Implementing dignity and respect in dementia care

Ben Mandelbaum

For many residents who have Alzheimer's disease or dementia, routine care is severely lacking. Although medical care usually is of reasonable standard, the quality of caregiver interaction with those whose mental capacity isn't what it once was leaves much to be desired. According to the Alzheimer's Society's Dementia 2012 and Dementia 2013 reports, a great deal of change needed to be made across the care spectrum for elderly individuals.

Perhaps this is not the case at your senior living community, but especially for those new to the field, for those who work in senior living but don't provide care to those with dementia, and for those with whom you work but are not directly associated with your community, an introduction or refresher to basic dementia care principles may be in order.

If you provide care in a formal care setting, you might find yourself wondering how, exactly, you and your professional staff can provide the quality of care needed by residents with dementia. These residents often may find it difficult to communicate, and their minds don't work quite the same way anymore, but those with dementia deserve the same quality of care shown to other older adults. Senior Planning Services, a Medicaid planning company, would like to share some thoughts on dementia care best practices.

Person-centered dementia care

Individuals with dementia deserve to be treated with care and respect, plain and simple. It's easy for some to assume that, simply because those who have dementia don't think as quickly as you do, they aren't worthy of as much attention. After all, they probably won't remember the interaction tomorrow anyway, and it's not as if they can tell anyone.

People with dementia often seem to be in their own reality. That reality isn't shaped the same way as yours, but it is real to them nonetheless.

For care providers to those with dementia, it is important to keep the focus on person-centered care. That is, respect the person to whom you are speaking as an individual with fundamental human rights. Whenever possible, avoid the use of physical and chemical restraints.

Remember the golden rule: treat others the way you wish to be treated. If you wouldn't want to be treated the way you're treating someone with dementia, then you probably need to revise your approach. 

Keep it simple

Consider for a moment how fast you have to think to participate in ordinary conversation. You have to process what the other person is saying and assimilate a reply, often quickly. For someone with dementia, these tasks are very difficult.

When you're speaking to him or her, keep your approach simple. Provide one piece of information or one instruction at a time and wait for a response before proceeding to the next one. In many ways, it may seem as if you are dealing with a small child: you need to give the person time to process the first thing that you've said instead of confusing him or her with too many instructions, too quickly.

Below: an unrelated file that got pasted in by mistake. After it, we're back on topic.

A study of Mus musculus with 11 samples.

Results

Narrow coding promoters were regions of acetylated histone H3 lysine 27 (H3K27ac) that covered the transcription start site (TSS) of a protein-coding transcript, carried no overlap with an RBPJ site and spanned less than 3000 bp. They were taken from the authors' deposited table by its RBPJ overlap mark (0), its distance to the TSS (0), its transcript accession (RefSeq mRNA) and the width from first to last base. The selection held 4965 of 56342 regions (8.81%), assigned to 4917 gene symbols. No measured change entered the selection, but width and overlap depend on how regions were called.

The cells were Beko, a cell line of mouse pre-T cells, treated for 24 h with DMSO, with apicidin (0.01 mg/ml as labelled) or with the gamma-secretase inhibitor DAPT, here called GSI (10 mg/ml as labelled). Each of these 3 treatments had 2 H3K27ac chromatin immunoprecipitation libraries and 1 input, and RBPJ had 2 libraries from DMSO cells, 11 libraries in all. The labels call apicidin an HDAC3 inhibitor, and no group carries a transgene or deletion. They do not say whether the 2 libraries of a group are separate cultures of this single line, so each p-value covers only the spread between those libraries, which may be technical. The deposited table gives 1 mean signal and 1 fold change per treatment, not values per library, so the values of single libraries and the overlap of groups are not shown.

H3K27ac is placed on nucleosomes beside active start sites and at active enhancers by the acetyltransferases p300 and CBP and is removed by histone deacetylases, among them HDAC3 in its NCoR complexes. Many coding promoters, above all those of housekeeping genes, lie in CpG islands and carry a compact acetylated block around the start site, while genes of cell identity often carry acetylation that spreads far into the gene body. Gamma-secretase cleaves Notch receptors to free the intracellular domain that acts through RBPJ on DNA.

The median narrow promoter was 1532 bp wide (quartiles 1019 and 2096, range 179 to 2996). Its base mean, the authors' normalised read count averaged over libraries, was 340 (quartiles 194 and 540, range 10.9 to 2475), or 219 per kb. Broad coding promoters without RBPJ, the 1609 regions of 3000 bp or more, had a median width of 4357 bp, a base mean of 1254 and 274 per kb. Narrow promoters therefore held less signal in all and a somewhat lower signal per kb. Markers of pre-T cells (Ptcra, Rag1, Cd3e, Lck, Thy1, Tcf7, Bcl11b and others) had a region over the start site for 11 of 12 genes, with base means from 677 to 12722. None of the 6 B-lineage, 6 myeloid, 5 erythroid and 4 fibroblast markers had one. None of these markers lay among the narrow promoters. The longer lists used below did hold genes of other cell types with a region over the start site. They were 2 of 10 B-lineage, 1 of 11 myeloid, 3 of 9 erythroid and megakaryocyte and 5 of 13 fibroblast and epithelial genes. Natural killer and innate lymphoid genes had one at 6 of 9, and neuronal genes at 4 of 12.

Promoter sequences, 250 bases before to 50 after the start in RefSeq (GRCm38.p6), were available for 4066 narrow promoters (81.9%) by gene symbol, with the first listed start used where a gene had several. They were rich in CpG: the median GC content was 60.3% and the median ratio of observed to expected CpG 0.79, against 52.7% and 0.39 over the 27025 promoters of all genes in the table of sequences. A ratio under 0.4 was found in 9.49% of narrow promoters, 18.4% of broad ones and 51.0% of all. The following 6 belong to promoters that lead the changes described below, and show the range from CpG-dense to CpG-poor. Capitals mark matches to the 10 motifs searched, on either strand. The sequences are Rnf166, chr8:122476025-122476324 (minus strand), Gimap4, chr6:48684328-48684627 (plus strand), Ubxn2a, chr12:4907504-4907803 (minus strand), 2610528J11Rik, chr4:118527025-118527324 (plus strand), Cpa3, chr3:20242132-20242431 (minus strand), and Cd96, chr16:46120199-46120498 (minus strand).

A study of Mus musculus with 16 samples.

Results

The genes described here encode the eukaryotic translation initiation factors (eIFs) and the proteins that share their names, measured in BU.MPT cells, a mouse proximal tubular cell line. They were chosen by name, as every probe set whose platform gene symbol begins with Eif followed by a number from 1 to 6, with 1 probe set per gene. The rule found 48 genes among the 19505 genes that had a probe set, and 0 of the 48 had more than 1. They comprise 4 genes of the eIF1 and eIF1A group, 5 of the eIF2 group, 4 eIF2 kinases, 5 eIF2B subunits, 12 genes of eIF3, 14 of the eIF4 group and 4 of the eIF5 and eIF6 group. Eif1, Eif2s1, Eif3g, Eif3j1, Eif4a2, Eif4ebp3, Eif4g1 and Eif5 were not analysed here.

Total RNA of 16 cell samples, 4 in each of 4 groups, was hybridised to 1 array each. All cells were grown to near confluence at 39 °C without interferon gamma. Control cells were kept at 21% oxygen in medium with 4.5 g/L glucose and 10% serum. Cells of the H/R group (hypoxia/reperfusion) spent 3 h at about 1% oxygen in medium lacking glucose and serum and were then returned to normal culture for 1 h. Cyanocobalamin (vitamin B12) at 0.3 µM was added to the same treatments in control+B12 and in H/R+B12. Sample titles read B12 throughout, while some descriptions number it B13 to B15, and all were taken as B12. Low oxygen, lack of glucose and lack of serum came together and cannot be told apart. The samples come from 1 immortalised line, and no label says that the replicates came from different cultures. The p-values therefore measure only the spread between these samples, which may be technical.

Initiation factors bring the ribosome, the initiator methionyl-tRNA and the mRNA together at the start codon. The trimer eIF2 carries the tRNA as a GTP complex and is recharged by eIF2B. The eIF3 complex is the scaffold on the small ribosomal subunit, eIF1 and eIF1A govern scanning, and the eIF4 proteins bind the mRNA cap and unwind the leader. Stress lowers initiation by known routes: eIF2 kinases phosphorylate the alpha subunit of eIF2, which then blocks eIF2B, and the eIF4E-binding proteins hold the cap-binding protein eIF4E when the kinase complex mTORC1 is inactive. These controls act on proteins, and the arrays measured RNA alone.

This doesn't mean, however, that you should talk down to a person with dementia or use “baby talk.” He or she still is perfectly capable of understanding you; he or she just needs a little extra time to process what you've said. The individual might not be able to answer you clearly, but people with dementia are aware if you lack regard for them.

Remain neutral

Individuals with dementia often experience a strong sense of frustration or anger regarding their inability to express themselves or to follow what you're saying. They may say things that don't entirely make sense to you but that make perfect sense in their world. Instead of reacting strongly to these moments, remain neutral. Your lack of negative emotional response will help keep the person with dementia calm.

This neutrality often extends to your nonverbal communication. Avoid gestures or facial expressions that indicate negativity, anger or outrage. Be conscious of what gestures you're using. Although making a positive gesture — such as outstretching a hand to indicate that a person should follow you, pointing to an object you'd like him or her to pick up, or outlining sizes or shapes to help describe something — can help improve negative communication, negative ones will destroy the rapport you're attempting to build.

Remember, individuals with dementia are people. They have feelings every bit as intense as yours — perhaps more so because of the way they are trapped within their own minds. Treating them with respect and dignity might take a little bit more time and effort on your part, but it's the type of effort that should be extended to every resident in your care.

Ben Mandelbaum is chief operating officer of LTC Consulting Services and Senior Planning Services, with offices in New Jersey, New York, Pennsylvania and Connecticut.